Numlock News: June 11, 2020 • Honda, Panda, Canada
By Walt Hickey
A 7-year-old panda named Xing Er successfully broke out of a brand new $24.2 million panda house at the Copenhagen Zoo, roaming the park until staff sedated it and returned it to its pen. In what is like 80 percent probably not a viral advertisement for a heretofore unannounced sequel in the Kung Fu Panda cinematic universe, the panda was caught on surveillance footage climbing a metal pole, crawling along rows of electrical wires and absconding to the garden.
The government of Canada, a country responsible for many of your favorite actors, actresses, writers, comedians and stand-in backdrops for U.S. cities, will pony up $100 million CAD (about $75 million USD) as an insurance backstop to get film productions resuming again. Producers of films will have to pay a premium in order to get COVID-19 insurance, which will be organized by the government in order to guarantee productions stay safe and people can be compensated in the event of the spread of diseases. Film production is a colossal business in Canada, with British Columbia alone generating $2.2 billion in economic growth from film and TV spending.
Last year, Ethiopia planted a record 353 million seedlings on a single day and a cumulative total of 4 billion trees over the course of last year. The country is working on a more ambitious goal even still: 20 billion seedlings by 2024, in an attempt to build climate resilience in the nation. It’ll cost 4 billion Birr ($117 million) conservatively, and previous plantings have been a success: 84 percent of seedlings planted last year survived. One issue faced is, despite the good intentions, if the wrong trees are planted in an area they could do more harm than good.
Though police bodycams were supposed to bring an extra level of accountability to the work of policing, in reality they have come up short in the very places they were most needed. An analysis of 105 police killings captured by bodycams in 2017 found that 40 of them never saw the light of day, not being released to the public to undergo scrutiny. The policies about bodycams are written by the police departments themselves, and large randomized trials have found that there’s no statistical difference in behavior between cops who have a camera and cops who don’t.
The old joke is that the factories of the future will be staffed by one person and a dog, the dog to prevent the person from touching anything and the person to feed the dog. Well, better hope the dog has expertise in cybersecurity because Honda Motor was hit with a staggering ransomware attack that halted its global production unless its creators are paid off. Most of the sites are back online, but there’s still two plants — in Ohio and Brazil — idle as of Wednesday. Financial losses due to data breaches were up 270 percent in the period of January to March, some $8.4 billion. Fully 26 percent of companies don’t have a division overseeing security of those factory management systems, and Japan may be particularly vulnerable because 60 percent of its manufacturing equipment is over 10 years old and may not be protected with state-of-the-art digital security.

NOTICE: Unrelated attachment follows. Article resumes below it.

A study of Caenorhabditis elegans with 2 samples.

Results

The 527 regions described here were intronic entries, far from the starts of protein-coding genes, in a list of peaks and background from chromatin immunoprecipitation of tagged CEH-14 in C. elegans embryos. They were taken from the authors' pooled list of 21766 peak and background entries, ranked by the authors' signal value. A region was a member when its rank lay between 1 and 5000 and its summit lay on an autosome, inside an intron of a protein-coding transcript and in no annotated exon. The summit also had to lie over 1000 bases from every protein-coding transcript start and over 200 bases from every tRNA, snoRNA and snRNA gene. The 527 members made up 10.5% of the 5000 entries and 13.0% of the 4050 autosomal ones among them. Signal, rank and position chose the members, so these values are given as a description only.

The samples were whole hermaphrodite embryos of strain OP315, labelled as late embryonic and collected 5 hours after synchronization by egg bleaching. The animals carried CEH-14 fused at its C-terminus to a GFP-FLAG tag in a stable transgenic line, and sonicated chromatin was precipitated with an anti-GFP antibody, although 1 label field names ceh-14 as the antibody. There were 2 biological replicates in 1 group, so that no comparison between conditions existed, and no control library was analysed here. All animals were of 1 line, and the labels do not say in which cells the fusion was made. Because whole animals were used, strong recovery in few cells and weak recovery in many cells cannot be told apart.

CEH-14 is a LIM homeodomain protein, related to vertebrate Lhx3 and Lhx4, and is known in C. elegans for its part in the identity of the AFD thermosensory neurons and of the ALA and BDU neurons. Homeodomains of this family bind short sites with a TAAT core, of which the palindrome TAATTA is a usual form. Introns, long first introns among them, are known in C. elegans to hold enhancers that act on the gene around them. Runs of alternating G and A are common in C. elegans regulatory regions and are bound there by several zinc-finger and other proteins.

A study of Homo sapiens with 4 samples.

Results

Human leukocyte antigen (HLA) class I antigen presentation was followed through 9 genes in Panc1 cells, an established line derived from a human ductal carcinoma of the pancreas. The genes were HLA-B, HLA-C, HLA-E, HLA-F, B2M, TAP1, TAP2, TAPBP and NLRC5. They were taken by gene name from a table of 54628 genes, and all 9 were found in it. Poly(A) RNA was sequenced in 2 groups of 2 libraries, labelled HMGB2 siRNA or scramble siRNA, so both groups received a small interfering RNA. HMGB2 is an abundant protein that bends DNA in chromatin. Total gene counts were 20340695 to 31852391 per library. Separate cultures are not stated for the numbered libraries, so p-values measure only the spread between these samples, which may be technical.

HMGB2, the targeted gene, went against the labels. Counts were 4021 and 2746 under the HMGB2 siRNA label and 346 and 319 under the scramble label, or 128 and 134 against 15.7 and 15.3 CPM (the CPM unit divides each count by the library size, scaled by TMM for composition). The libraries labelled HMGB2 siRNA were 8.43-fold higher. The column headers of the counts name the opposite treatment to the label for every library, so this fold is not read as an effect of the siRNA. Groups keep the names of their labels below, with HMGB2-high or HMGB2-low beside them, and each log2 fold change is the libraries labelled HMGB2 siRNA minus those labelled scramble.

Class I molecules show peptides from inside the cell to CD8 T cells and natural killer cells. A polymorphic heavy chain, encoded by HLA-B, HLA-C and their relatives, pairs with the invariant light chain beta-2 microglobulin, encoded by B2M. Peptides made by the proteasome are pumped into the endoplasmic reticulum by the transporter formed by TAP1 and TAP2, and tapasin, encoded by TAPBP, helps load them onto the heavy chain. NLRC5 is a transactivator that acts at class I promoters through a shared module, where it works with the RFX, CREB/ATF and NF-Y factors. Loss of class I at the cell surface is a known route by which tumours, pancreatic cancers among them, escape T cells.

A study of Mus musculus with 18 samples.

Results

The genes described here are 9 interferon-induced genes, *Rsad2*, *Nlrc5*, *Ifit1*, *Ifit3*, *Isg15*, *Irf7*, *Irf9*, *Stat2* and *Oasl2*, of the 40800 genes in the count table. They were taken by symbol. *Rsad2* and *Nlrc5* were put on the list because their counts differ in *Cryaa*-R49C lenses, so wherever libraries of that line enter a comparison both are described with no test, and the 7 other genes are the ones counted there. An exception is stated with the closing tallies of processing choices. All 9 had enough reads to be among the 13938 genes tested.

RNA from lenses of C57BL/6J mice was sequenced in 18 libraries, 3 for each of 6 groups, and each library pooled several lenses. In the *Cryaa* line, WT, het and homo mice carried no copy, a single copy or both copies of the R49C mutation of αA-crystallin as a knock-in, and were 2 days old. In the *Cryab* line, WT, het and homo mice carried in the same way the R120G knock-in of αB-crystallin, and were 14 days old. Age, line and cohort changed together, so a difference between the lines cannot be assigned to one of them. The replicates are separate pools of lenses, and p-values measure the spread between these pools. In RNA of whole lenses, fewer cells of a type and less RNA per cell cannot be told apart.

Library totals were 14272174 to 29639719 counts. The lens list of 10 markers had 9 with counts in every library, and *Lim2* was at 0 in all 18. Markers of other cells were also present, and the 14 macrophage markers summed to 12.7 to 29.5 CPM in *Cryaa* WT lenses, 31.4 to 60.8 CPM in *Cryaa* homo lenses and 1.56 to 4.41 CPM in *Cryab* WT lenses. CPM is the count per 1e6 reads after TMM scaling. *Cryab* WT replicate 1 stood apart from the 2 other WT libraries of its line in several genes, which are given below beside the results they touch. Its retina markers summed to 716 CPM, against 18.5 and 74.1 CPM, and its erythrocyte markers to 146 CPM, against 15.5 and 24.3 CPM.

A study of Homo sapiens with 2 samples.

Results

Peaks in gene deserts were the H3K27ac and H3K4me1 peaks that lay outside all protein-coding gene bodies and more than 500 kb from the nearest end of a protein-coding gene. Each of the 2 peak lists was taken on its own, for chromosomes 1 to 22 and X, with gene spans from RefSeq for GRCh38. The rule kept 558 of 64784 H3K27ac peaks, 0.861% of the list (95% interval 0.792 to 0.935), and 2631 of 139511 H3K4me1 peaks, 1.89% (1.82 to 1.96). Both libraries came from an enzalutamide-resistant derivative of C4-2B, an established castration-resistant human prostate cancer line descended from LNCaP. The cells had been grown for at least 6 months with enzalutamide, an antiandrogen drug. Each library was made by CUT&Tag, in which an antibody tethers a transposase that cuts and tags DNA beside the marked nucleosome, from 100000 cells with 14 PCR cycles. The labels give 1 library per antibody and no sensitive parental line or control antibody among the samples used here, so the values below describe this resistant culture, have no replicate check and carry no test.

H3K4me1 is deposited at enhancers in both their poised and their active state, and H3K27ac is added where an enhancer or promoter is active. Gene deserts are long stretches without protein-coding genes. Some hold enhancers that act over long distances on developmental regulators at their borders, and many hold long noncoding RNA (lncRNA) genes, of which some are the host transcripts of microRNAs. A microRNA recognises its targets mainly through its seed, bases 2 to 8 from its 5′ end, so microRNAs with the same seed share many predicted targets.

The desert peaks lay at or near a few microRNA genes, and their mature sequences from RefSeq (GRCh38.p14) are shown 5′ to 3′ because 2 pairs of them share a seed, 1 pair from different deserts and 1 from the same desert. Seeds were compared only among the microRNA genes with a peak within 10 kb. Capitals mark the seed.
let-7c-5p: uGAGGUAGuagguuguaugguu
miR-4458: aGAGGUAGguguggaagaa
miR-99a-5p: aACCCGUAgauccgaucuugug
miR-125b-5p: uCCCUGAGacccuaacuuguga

The United States lags behind Europe when capitalizing on the potential of offshore wind farms, with the European continent home to some 4,000 offshore wind turbines generating a collective 15.8 gigawatts of electricity, about 15 cities. By comparison, the U.S. got started in 2016 with a five-turbine offshore wind farm off the coast of Rhode Island that produces 30 megawatts, enough for 19,000 homes. The offshore turbines — at a diameter of 495 feet — are much larger than their land-based counterparts, which commonly have a 144-foot diameter on a 212-foot tower, and generate about five megawatts of electricity. The Department of Energy is working on creating a model that would produce 15 megawatts of power.
Italy is largely dependent on tourism — an industry that accounted for 13.2 percent of the country’s GDP in 2018 — and will have to try to ride out what’s anticipated to be a precipitous decline in visitors that could jeopardize the 232 billion euros it earned from the 63 million foreigners traveling in the nation in 2019. The forecasts are brutal: a 72.9 percent drop from May to October in tourists from the U.S., and right now airplane reservations to Italy for August are down 76.4 percent. Currently, just 40 percent of Italy’s hotels are even operating, and in April the nation’s hoteliers association observed a 99.1 percent drop in foreign clients. The logistical math looks abysmal: the Pantheon could welcome 30,000 visitors per day, but now it’s only 80 allowed at a time.